Consumer Reports puts cars through more than 50 tests -- over rough roads, on highways, in braking tests, and emergency handling. While many Japanese cars score very high, a surprising number haven't made the grade recently.
"One car that really disappointed us was the Acura RLX. This luxury sedan costs 55,000 dollars, and it's just not competitive," Tom Mutchler said.
For $16,000 less, Consumer Reports says the Chevrolet Impala delivers a much more comfortable ride and handles better.
"Another Japanese car we don't recommend is the Honda Crosstour. It aims to have the comfort of a sedan, the flexibility of an SUV, and the cargo space of a station wagon. The problem is it doesn't really do any of this well," Mutchler said.
Some small Nissans also score too low for a Consumer Reports recommendation.
"The Nissan Sentra is good on gas, but handling isn't agile, it's noisy inside, and the front seats are uncomfortable," Mutchler said.
The subcompact Nissan Versa has those same drawbacks, and it hasn't proved very reliable.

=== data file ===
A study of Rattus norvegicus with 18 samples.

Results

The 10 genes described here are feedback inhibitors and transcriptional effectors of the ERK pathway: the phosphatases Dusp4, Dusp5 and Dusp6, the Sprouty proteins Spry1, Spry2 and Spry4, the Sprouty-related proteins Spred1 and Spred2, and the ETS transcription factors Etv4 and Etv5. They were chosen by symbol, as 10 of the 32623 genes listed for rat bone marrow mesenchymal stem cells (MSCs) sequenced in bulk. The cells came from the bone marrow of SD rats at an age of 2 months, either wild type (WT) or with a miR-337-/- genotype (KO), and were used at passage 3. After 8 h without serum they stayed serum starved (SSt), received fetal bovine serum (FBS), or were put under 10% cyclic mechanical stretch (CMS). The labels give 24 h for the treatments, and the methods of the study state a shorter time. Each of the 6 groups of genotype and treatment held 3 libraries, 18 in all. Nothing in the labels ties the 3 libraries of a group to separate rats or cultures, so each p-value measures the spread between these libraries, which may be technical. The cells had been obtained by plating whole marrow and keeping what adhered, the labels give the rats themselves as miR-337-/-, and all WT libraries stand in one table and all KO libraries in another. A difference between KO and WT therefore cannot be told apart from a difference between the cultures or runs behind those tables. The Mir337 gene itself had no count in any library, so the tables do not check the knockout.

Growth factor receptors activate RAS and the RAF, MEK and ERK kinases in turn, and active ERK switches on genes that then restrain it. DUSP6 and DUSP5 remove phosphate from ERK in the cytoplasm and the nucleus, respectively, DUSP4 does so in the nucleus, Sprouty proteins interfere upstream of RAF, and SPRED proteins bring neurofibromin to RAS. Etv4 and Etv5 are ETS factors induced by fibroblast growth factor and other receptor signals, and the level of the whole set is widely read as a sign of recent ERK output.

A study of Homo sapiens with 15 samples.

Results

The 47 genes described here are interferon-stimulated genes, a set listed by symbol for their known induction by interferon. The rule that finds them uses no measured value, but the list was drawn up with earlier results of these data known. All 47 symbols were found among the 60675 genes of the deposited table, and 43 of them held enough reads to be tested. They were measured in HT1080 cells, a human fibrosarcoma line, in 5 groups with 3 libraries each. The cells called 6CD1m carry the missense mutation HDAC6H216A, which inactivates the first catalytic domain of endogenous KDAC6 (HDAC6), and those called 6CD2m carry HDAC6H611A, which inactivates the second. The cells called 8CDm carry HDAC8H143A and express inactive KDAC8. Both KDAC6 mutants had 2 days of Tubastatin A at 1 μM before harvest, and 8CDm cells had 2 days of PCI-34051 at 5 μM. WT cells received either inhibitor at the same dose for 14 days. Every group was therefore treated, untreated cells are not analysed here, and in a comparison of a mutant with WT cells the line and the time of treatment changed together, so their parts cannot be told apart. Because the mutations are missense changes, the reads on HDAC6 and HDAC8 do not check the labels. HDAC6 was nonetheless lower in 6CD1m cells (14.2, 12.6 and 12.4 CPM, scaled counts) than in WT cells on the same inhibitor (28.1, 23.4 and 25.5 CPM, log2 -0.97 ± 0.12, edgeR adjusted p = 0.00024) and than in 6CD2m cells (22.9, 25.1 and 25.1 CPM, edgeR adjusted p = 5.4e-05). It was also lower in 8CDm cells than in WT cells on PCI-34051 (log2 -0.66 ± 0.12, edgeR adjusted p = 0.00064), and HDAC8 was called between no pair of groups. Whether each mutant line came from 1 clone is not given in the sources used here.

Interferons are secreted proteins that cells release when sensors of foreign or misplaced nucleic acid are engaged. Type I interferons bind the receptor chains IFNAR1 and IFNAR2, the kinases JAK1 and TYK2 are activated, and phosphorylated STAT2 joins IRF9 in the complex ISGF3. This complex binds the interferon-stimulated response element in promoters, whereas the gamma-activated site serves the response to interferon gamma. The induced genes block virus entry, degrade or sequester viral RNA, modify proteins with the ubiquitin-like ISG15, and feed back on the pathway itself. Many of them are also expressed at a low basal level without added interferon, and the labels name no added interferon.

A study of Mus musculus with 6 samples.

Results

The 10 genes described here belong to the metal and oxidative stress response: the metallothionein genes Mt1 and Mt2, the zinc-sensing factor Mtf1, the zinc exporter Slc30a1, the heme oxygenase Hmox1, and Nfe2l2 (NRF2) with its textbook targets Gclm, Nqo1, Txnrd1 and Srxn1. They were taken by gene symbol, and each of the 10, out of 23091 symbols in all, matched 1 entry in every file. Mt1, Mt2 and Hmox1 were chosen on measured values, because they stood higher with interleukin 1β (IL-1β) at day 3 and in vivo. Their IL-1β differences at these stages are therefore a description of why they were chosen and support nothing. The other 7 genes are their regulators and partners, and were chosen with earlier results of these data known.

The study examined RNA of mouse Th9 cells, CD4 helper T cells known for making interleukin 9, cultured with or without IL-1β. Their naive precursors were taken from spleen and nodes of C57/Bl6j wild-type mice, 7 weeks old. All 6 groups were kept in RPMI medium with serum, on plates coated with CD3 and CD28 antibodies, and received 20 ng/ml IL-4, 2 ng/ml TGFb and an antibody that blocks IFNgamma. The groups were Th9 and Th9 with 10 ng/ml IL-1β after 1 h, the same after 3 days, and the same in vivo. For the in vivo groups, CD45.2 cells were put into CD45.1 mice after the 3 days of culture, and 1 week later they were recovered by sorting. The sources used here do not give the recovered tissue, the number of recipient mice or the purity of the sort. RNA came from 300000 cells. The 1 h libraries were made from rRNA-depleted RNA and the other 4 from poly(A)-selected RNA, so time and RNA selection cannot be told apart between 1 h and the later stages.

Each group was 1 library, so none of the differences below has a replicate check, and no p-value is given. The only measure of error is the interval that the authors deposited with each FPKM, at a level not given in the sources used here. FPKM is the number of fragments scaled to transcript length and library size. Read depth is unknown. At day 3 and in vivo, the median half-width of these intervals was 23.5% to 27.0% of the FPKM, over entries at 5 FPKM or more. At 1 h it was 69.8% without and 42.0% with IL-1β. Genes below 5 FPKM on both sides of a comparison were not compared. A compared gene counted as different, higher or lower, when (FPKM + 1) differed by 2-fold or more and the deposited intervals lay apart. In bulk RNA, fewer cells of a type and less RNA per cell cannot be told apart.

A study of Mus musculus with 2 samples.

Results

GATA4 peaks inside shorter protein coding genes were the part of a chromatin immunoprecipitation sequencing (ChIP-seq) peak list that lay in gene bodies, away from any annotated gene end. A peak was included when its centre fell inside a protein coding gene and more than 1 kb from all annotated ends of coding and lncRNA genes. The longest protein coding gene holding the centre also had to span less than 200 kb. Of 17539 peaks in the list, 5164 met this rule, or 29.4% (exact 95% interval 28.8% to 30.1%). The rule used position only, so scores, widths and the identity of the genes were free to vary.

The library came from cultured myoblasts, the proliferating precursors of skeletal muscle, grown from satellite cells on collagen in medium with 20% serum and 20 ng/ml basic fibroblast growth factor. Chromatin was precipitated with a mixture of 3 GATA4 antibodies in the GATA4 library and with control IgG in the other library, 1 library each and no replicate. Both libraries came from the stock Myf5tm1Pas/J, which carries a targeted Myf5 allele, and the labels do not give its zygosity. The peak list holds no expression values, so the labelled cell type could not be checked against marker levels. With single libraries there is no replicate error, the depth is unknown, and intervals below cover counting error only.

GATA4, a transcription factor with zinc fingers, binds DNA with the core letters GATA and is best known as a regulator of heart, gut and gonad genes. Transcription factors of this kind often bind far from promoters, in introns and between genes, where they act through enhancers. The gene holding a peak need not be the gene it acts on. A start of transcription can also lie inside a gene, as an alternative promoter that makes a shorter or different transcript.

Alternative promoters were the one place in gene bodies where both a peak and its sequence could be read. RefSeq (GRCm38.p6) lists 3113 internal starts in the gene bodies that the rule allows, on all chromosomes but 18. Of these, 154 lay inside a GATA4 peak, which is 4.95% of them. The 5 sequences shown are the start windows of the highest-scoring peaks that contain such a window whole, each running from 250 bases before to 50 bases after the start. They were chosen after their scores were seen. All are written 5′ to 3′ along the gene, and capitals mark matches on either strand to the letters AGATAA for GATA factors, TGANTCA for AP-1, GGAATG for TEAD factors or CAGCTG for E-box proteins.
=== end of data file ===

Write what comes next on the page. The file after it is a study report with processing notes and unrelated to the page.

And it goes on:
Consumer Reports also doesn't recommend Toyota's least expensive car -- the Yaris.
"The Yaris is very reliable and fuel efficient, but it just feels extremely cheap and unpleasant to drive," Mutchler said.
For the same money, around $16,000, Consumer Reports says you're better off with the Hyundai Accent.
So while Japanese cars often earn top scores and are often quite reliable, Consumer Reports says it's not a sure thing.
Two other Japanese carmakers, Subaru and Mazda, have an excellent record at Consumer Reports' test track. Nearly all their models are recommended.